The American businessman claimed AC Milan are ‘losing their minds’ having already brought in 10 new players for the 2017/18 campaign.

Image: AP/PA Images

AS ROMA PRESIDENT James Pallotta has blasted UEFA’s Financial Fair Play rules and claimed AC Milan are ‘losing their minds’ having borrowed a huge sum of money in order to recruit new players.

American businessman Pallotta spoke to Sirius XM FC in his native land on Thursday evening, and evidently has not taken kindly to Milan’s €210m spending spree following their takeover by Yonghong Li.

Aggrieved that Roma had steadied their own ship ‘by the book’, Pallotta said: “UEFA, in terms of Financial Fair Play, has been a complete shit-show for us. We should be the poster boy for turning things around from the previous ownership.

“When you relate it to AC Milan, I have no idea what’s going on there. It makes zero sense. The amount of spending – they didn’t have the money in the first place to buy the team, as they borrowed almost €300m from some people that I know in London, at a pretty high interest rate.

“They are spending, or at least making some significant down-payments, for players and they’re going to have to pay the piper at some point down the road.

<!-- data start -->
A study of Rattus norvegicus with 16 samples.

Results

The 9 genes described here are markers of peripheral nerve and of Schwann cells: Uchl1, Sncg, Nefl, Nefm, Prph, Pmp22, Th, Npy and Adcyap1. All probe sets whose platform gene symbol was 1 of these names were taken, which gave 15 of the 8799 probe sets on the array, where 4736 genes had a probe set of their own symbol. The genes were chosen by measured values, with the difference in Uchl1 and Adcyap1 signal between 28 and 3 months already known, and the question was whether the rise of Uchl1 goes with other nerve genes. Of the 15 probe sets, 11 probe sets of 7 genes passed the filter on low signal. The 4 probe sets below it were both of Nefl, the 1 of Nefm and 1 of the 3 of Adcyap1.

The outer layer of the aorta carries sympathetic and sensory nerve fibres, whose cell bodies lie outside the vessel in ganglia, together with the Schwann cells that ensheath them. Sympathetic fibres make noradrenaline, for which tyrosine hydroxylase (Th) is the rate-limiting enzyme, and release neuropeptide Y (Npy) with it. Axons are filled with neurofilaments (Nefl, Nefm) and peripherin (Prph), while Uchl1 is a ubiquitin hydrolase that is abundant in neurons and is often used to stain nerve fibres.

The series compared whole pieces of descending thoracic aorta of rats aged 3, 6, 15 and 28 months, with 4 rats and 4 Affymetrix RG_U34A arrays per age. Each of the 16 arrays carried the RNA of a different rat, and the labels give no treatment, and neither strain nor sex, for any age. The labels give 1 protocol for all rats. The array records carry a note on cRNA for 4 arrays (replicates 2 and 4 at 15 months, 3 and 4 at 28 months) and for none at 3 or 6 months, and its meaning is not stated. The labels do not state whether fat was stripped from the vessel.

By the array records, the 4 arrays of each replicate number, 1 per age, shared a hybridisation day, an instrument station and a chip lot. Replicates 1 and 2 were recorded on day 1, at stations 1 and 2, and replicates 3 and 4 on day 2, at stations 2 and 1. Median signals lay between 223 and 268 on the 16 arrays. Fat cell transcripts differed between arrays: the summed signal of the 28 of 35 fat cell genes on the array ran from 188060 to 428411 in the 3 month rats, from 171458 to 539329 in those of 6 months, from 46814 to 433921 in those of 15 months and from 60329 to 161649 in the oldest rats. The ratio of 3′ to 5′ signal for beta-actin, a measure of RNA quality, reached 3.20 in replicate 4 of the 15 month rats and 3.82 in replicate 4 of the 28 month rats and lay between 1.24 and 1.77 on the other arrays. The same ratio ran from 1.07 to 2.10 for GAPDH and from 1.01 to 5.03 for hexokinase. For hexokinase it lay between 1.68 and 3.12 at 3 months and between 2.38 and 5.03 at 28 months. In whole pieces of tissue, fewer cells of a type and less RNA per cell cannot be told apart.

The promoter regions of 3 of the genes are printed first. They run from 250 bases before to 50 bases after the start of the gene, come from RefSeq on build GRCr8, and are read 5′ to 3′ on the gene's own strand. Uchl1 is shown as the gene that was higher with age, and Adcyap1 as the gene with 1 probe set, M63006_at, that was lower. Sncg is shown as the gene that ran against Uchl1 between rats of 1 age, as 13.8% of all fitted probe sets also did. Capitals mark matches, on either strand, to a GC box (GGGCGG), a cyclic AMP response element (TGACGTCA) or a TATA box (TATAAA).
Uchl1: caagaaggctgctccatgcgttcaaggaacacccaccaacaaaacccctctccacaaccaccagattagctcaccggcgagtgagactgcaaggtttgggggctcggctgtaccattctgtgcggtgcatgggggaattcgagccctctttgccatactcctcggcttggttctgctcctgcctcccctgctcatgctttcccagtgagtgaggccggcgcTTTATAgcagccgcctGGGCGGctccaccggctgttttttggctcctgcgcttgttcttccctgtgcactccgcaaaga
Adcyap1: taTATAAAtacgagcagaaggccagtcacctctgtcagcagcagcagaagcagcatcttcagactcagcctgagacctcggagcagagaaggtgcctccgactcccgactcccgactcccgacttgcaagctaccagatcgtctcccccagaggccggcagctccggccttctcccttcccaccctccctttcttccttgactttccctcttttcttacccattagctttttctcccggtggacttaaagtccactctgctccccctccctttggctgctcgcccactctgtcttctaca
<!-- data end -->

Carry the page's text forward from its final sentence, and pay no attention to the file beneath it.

They say it’s about qualifying for the Champions League, but that won’t be enough. When the salary seems about equal to the revenues, I don’t know what the heck is going on. That’s the only one in Serie A who are losing their minds!

Milan’s new recruits include Leonardo Bonucci from Juventus (€39m), Andre Silva from Porto (€36m), Andre Conti from Atalanta (€23.5m), Hakan Calhanoglu from Bayer Leverkusen (€20m), Ricardo Rodriguez from Wolfsburg (€17m), Matteo Musacchio from Villareal (€17m), and Lucas Biglia from Lazio (€17m).

They remain linked to a number of high-profile players, with RB Leipzig winger Emil Forsberg having been linked with a move to the San Siro in recent days.

Pallotta, meanwhile, remains incredulous as to how Milan can spend so much money in line with UEFA’s rules.

“Maybe they have this grand masterplan that we’ll all figure out someday, but the rest of the teams are being somewhat rational,” he said.

“If you can explain Milan to me, [do] because I don’t get it…”

Financial Fair Play dictates that clubs can spend up to €5m more than they earn within a three-year assessment period. They can however exceed that limit by €30m (previously €45m), if it is entirely covered by a direct contribution from either the club’s owner or a related party.

Investment in stadiums, training facilities, youth development and women’s football are excluded from what UEFA describe as ‘the break-even calculation’.